NUR 239 Chapter Notes - Chapter 1- 3: Venous Thrombosis, Cyp3A4, Nursing Diagnosis


Department
Mennonite College of Nursing
Course Code
NUR 239
Professor
Yvette Pigman
Chapter
1- 3

Key Learning Objectives - Answer the follow questions (Chapter 1 - The Foundation of
Pharmacology):
How are drugs named? Drug are given a generic name and a brand name, In the United states,
the United States Adopted Names Council assigns generic names, and the brand names are
designated by the manufacturer
Can a drug be in more than one category? Give an example. Morphine, a nervous system
depressant and a narcotic
Explain the ways people are able to obtain medication. Prescription drugs which require a
written order or over the counter drugs which do not require one
Describe the Categories of Controlled Substance ( Box 1.1. p. 6).
Schedule I: drugs that have no accepted medical use, have lack of accepted safety, and have
high abuse potentials: heroin, LSD, methamphetamines, ecstasy
Schedule II: drugs that are used medically and have high abuse potentials. E.G Morphine,
Codeine
Schedule III: Drugs with less potential for abuse than those in schedules I and II, but abuse of
which may lead to psychological or physical dependence E.G steroids
Schedule IV: drugs with an accepted medical use in the united states but with some potential for
abuse E.G Diazepam, Lorazepam
Schedule V: products containing moderate amounts of controlled substances. They may be
dispensed by the pharmacy the pharmacist without a prescription but with some restrictions
regarding amount, record keeping. E.G codeine
Describe how drugs are tested and approved for use in the U.S. initially drug testing occurs in
animals and small groups of humans (phase I), a few doses are given to a certain number of
healthy volunteers to determine safe dosages, routes of administration, absorption, metabolism,
excretion and toxicity.
Phase II: a few doses are given to subject with disease and symptoms for which the drug is
being studied and responses are compared with those of healthy subjects
Phase III: the drug is given to different populations and different dosages and by using the drug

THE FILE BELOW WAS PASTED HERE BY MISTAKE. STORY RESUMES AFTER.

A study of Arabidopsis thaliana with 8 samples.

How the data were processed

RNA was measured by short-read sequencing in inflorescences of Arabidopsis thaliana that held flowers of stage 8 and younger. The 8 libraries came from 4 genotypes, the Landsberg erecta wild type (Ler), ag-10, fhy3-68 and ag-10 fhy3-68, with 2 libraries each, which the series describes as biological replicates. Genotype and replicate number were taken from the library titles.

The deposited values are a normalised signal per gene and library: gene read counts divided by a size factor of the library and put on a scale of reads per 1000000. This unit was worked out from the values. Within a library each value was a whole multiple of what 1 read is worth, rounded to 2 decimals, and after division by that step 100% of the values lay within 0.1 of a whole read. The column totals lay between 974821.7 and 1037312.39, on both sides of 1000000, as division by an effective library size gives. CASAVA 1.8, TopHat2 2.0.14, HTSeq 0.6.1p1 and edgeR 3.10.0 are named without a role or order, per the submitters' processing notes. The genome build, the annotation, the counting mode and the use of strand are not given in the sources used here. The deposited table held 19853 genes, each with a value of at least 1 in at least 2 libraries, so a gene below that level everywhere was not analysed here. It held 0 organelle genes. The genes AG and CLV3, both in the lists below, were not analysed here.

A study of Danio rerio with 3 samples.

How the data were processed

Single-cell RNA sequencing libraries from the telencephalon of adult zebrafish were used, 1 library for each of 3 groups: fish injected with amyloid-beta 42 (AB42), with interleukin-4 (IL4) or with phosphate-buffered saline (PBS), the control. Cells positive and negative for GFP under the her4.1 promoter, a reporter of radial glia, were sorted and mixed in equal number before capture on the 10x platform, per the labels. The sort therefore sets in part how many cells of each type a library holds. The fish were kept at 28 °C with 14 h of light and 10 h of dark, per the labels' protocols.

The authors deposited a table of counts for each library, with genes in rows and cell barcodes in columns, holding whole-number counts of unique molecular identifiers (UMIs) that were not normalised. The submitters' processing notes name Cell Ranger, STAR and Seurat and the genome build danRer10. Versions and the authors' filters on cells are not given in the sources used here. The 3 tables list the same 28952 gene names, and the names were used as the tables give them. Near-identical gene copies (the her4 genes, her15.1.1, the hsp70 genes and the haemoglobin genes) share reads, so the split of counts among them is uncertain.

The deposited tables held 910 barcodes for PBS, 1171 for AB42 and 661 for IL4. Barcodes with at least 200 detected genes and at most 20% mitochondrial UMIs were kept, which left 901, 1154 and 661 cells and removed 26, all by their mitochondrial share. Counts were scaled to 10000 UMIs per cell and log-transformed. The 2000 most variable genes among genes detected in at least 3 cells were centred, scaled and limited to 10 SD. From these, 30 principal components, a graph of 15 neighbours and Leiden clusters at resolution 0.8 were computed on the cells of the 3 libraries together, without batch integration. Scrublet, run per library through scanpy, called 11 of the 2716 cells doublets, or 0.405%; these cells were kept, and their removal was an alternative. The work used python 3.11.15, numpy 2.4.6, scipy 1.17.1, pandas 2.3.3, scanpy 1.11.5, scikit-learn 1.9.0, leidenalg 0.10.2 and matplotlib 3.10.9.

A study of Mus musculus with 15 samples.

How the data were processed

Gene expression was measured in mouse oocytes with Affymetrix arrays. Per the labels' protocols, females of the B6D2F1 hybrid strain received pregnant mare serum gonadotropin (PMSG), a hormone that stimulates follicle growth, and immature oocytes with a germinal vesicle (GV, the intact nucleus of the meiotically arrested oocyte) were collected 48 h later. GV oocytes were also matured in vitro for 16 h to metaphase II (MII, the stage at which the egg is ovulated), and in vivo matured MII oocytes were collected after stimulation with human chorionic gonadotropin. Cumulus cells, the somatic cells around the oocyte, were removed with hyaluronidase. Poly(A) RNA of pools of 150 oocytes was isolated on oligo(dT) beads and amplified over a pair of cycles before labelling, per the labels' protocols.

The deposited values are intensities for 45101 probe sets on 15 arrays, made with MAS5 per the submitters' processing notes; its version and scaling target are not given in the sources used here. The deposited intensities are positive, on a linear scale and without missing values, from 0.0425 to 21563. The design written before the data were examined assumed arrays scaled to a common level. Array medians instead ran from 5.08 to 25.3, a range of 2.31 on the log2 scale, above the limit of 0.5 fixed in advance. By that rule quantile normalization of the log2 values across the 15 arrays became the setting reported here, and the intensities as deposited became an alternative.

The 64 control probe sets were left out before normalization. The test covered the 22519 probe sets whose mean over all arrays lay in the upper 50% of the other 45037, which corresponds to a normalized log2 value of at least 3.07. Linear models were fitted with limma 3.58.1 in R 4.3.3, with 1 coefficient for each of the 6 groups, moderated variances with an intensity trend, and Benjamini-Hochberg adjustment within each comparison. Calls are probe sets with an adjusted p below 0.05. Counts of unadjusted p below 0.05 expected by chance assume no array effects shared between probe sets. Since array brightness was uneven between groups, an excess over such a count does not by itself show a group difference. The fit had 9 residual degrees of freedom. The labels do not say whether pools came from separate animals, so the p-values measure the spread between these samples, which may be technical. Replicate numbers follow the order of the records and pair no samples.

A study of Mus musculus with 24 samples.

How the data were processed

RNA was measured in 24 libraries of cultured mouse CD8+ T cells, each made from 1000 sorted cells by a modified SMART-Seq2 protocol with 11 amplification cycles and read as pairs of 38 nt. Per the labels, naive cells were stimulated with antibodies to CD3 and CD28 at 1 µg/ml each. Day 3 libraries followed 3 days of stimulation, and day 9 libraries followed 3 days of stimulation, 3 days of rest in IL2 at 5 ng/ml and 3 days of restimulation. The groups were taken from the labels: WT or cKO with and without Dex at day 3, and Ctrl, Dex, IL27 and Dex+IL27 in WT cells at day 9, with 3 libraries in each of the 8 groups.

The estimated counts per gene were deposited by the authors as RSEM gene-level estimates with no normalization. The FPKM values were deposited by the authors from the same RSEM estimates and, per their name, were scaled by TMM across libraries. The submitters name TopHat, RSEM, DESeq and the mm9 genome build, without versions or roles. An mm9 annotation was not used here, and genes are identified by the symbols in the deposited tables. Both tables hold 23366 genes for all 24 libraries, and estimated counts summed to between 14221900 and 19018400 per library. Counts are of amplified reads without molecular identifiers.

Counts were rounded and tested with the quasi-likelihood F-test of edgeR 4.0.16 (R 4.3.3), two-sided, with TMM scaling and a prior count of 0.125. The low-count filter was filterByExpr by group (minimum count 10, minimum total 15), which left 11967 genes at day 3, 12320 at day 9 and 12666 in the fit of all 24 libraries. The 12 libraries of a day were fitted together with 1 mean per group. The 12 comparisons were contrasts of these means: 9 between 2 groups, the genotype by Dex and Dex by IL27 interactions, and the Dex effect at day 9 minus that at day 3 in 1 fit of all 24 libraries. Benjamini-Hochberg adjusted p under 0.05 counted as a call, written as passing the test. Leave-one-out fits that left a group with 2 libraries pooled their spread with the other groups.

in combination with other drugs
Key Learning Objectives - Answer the follow questions (Chapter 2 - Basic Concepts and Processes):
What is Pharmacokinetics? – drug movement through the body to reach sites of action
Explain each process of Pharmacokinetics. -Absorption: is the process that occurs from the time
a drug enters the body to the time it enters the bloodstream to the circulated
Metabolism or biotransfusion: is the method by which drugs are inactivated or biotransformed
by the bosy
Excretion: refers to elimination of a drug from the body. Effective circulation requires adequate
functioning of circulatory system and excretory system. (kidneys. Lungs and skin)
Explain First-Pass Effect. -some drugs are extensively metabolized in the liver, with only part
of the drug dose reaching the systemic circulation for distribution and action
How are serum drug levels determined? -Is a lab measurement of the amount of drug in the
blood at a particular time
Explain “Minimum Effective Dose”. -Amount of drug that must be present before a drug can
exert its pharmacological action on body cells
What are causes of toxic concentration? -may stem from a single large dose, repeated small
doses, or slow metabolism that allows the drug to accumulate in the body,
The goal of drug therapy is known as the therapeutic range, that is enough for the drug to
beneficial but not enough for the drug to be toxic
Describe the following terms in relationship to serum drug levels: onset, peak, and duration of
action.-onset of action occurs when the drug level reaches MEC
Peak drug action is its highest concentration
Drug action stops when drug levels fall below MEC
The duration of action time is the time during which serum drug levels are at or below MEC
Identify times when measuring serum drug levels would be useful.
To document the serum drug levels associated with particular drug dosages, therapeutic effects,
or possible adverse effects
To monitor unexpected responses to a drug such as decreased therapeutic effects or increased
adverse effects
When drug overdose is suspected
Define the term “Serum Half-Life”.is the time required for the serum concentration of a drug to
decrease by 50%
What is Pharmacodynamics? Drug actions on target cells and the resulting alterations in cellular
biochemical reactions and functions
Describe the Receptor Theory of Drug Action (three reactions types).